The HRT dosage prescribed depends on a number of factors such as its purpose (for example, mainly for symptom control or mainly for reducing the risk of later heart or fracture problems) and a woman’s individual response to it. The oestrogen dosages needed to relieve symptoms may be higher or lower than those required to provide long-term protection against heart disease and osteoporosis, depending on the severity of symptoms. Women on HRT before menopause is confirmed cannot rely on it for contraception as hormone dosages are insufficient to prevent pregnancy. As explained previously, a low-dose combined Pill is one way of obtaining both the benefits of HRT and contraceptive protection.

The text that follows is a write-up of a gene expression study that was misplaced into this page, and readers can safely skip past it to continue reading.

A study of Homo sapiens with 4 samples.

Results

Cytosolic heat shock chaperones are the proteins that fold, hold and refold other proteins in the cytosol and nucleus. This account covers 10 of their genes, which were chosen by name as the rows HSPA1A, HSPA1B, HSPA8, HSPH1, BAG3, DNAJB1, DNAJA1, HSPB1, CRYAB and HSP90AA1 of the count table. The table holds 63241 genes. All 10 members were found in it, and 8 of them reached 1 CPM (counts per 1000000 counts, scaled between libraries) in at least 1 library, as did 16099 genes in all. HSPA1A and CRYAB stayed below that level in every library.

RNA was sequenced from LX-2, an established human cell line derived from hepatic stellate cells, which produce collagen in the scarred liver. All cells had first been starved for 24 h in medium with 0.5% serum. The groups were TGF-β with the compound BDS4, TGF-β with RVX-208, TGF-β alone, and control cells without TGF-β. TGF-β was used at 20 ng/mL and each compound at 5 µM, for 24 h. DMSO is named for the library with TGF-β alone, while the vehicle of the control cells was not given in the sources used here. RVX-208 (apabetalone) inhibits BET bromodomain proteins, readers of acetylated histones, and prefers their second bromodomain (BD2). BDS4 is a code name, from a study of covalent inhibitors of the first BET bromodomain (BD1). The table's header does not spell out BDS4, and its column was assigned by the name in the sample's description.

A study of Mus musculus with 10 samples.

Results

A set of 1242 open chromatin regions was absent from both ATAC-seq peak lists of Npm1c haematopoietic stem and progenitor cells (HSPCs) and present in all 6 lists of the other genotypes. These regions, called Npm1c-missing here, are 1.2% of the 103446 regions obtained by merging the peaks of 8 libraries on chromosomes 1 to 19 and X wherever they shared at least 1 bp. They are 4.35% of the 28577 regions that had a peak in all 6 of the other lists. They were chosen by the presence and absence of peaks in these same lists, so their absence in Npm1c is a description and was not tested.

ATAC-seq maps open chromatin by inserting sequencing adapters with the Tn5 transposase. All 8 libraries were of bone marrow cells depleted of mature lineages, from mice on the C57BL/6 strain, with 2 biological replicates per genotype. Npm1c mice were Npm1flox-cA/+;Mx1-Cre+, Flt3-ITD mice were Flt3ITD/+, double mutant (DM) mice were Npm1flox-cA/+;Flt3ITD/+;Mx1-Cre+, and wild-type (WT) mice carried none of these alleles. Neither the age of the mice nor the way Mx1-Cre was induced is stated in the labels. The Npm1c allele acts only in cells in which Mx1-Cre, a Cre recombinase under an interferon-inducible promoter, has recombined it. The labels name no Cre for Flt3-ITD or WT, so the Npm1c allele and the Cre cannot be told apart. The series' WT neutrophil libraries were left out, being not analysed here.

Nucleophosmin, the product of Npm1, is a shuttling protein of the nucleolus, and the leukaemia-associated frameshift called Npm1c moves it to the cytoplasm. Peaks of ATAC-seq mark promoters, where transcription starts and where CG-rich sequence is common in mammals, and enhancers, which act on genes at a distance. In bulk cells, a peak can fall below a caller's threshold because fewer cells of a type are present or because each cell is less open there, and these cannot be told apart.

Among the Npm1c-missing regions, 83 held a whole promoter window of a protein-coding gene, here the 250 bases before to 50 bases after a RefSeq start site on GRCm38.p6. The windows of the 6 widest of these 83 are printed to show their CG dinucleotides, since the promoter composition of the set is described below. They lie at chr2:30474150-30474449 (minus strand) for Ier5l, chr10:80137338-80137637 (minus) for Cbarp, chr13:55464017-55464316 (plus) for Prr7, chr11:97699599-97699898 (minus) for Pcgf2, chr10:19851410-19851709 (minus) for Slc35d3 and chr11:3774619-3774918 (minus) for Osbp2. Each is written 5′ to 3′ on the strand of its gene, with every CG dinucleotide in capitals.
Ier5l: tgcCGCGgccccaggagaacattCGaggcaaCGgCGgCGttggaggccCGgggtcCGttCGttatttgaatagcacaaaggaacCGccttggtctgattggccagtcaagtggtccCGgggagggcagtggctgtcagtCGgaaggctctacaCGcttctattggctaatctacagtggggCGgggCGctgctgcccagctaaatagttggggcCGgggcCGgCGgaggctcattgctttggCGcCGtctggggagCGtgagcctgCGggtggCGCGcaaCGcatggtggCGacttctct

Whether it is taken every day or for ten to fourteen days per cycle, the total monthly dose of progestogen in HRT is similar to that given to a woman on the Pill. The dosage used by Tessa, who is taking progestogen daily, was arrived at by lowering the daily dose until she had breakthrough bleeding, then adjusting upwards.
Individual variability in the body’s capacity to deal with the hormones of HRT is another reason why a dose that relieves symptoms in one woman has little effect on another. In the case of hormone patches and implants, the position on or in the body affects the amount of hormone the body absorbs and therefore the dosage required.
When a doctor is deciding on the most suitable dosage or hormone format for you, your individual response will be crucial. The hormones used initially may not relieve your symptoms adequately, or they may have unwanted effects. It may then be necessary to change the kind of oestrogen or progestogen used, or to alter the dose.